A new study by the National Highway Traffic Safety Administration says alcohol now is involved in roughly 55 percent of all fatal traffic accidents.
Annual statistics, according to the NHTSA report, "Alcohol Involvement in Traffic Accidents":
* 24,000 to 27,000 people are killed each year in accidents involving alcohol.
* 700,000 people are injured in accidents involving alcohol.
* 2 million motor vehicle accidents involve alcohol.
Runzheimer and Co., Inc., a Wisconsin-based management consulting firm, says only 6 percent of 1,400 gasoline stations surveyed are offering gasoline/alcohol blends, a percentage they say is sure to increase.
"Of even more interest," notes the survey, "is the fact that 53 percent of the queried station attendants themselves didn't know whether their gasoline was enhanced" with any form of alcohol.
Another kind of enhancement: Drivers in the Philippines are being urged to use a blend of diesel fuel and coconut oil in their diesel-powered vehicles. The Philippine Energy Ministry projects potential savings at $19 million.
For per-mile savings here in the United States (where an extra nickel-a-gallon tax became effective April 1):
* Keep your car properly tuned. Out-of-tune cars can cost you 3 to 9 percent in lost miles-per-gallon.
* If you weighted your car's trunk with bags of sand or gravel for added traction last winter, take them out. Fuel economy of an average car drops by 1 percent for every extra 100 pounds of weight.
* Keep your front wheels aligned and maintain proper tire pressure. In addition to being less safe to operate, your car's fuel economy can drop by as much as 2 percent for every pound of pressure below the recommended level.
* Drive smoothly. Hot-rodding, quick stops and starts, speed-up-slow-down driving can cost you in fuel economy and extra wear and tear on your car.
Energy Forum of Seabrook, Md., has come out with a "fuel conservation feedback device" it claims will help drivers improve their driving technique and help conserve fuel at the same time.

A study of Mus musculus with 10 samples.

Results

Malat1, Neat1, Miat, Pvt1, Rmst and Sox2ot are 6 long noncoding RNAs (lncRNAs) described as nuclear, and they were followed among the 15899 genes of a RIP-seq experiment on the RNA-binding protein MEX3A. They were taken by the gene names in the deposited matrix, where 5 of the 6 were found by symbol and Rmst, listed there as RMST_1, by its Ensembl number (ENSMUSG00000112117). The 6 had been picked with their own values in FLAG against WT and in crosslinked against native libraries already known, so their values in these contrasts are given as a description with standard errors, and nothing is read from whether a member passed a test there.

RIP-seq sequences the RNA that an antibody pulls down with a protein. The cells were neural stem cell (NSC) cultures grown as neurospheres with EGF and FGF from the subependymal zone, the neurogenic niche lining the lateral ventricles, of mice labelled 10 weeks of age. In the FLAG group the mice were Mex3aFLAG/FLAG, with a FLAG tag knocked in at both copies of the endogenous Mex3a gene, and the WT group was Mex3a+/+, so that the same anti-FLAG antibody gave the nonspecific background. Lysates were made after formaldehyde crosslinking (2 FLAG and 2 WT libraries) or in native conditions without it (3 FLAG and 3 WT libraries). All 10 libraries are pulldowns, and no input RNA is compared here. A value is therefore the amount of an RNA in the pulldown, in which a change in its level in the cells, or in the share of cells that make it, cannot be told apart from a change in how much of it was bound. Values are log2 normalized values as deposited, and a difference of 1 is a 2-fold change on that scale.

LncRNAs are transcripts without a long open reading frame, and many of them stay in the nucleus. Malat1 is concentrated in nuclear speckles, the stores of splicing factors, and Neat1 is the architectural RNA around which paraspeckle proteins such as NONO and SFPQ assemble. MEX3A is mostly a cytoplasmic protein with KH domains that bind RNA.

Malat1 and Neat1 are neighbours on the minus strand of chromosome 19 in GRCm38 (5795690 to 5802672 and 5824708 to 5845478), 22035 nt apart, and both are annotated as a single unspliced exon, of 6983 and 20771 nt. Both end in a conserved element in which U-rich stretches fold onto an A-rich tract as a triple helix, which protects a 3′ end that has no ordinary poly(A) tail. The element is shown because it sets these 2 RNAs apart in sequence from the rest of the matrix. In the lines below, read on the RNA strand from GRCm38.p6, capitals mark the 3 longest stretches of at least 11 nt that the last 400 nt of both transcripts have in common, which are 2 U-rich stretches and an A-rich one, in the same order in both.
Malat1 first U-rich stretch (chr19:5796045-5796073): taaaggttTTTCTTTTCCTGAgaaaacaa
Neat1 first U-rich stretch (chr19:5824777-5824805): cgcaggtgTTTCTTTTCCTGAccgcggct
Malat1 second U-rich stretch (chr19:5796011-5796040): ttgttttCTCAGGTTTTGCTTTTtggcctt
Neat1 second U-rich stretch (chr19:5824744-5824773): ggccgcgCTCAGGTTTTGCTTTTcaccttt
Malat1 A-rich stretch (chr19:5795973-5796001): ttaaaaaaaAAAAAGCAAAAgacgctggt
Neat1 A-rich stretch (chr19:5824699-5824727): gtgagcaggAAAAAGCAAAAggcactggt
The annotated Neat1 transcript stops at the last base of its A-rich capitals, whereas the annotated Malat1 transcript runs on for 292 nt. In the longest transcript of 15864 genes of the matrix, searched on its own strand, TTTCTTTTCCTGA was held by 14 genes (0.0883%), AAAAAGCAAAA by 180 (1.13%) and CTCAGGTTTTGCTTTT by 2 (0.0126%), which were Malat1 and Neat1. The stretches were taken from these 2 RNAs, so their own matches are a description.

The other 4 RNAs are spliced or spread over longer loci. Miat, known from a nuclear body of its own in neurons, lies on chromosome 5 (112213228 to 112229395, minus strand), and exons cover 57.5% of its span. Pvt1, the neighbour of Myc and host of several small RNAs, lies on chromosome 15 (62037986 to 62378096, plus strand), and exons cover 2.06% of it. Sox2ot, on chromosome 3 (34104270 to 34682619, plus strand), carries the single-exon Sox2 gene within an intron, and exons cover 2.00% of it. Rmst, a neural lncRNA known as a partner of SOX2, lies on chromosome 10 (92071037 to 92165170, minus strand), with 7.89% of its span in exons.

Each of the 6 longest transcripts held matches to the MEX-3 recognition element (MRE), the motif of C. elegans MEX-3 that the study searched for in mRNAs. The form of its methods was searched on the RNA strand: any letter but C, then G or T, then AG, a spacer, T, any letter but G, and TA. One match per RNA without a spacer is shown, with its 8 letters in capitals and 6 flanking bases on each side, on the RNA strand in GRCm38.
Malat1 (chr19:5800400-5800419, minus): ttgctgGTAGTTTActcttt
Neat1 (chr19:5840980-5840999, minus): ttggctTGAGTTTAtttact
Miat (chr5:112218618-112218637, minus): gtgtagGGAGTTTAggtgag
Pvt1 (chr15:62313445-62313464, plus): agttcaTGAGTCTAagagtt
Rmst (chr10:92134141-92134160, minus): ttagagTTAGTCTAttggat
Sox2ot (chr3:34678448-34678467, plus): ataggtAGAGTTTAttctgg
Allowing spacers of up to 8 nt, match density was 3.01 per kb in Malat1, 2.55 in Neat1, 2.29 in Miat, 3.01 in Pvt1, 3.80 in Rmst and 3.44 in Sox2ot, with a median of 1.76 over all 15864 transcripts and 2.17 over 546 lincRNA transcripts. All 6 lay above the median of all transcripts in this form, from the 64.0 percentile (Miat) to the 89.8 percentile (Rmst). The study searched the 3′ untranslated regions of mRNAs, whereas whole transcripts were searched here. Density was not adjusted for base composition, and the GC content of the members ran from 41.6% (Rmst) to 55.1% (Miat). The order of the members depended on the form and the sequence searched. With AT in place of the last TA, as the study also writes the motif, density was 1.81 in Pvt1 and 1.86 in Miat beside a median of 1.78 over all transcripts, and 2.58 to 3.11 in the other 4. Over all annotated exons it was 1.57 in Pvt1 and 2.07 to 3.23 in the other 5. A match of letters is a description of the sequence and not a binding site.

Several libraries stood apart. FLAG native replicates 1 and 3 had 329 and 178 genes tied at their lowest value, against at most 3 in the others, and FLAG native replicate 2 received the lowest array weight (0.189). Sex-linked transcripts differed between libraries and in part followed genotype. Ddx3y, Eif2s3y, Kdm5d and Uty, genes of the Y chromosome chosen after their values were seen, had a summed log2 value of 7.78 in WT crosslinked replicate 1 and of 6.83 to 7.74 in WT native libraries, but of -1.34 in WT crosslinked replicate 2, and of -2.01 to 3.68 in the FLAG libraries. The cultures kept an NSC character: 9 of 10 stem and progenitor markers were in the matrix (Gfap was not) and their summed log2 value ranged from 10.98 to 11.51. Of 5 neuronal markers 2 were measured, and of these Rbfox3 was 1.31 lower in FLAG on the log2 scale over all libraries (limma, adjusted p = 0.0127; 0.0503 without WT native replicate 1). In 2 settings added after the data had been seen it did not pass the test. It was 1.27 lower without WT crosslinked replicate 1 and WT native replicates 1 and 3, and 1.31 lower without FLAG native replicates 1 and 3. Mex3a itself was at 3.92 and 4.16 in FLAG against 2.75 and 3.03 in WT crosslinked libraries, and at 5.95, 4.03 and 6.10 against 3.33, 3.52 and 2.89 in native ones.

The device, named the Gastell, monitors the air going into a carburetor to be mixed with the gasoline being pumped in. When an inadequate amount of air is mixed with the gas, not all the fuel is atomized and the unburned gas passes through the engine's exhaust system. The lower the intake manifold vacuum (and the larger the amount of air taken in), the higher the car's miles per gallon.
Energy Forum president Michael Foster says the Gastell automatically signals the driver--with a red light and audible tone--when the fuel-to-air ratio drops below the optimum level.
The Gastell received a favorable rating in a Department of Energy report on such devices last summer. "The Gastell," it said, "can be a very effective aid to fuel conservation when it is correctly adjusted and installed in a motor vehicle."
One test vehicle driven for 1,254 miles showed "an improvement of 5.7 percent . . . realized over gas mileage recorded for the previous 991 miles."
"And that," adds Foster, "was with an expert driver behind the wheel."
The Gastell, with a switch for the audible tone, sells for $29.95; without the switch, $27.95.
A tip from "Shifting Gears," a newsletter put out by Executive Leasing of Beltsville: If the OIL or WATER light on your instrument panel goes on:
* "If the OIL light comes on, it's so serious you should pull to the side of the road and shut off the engine as quickly as possible. Under no circumstances continue driving, nor should you start the engine without expert help."
* If the WATER light comes on, it's not as potentially damaging, but still serious. Check your owner's manual to see if you could turn on your heater since this acts as a second radiator."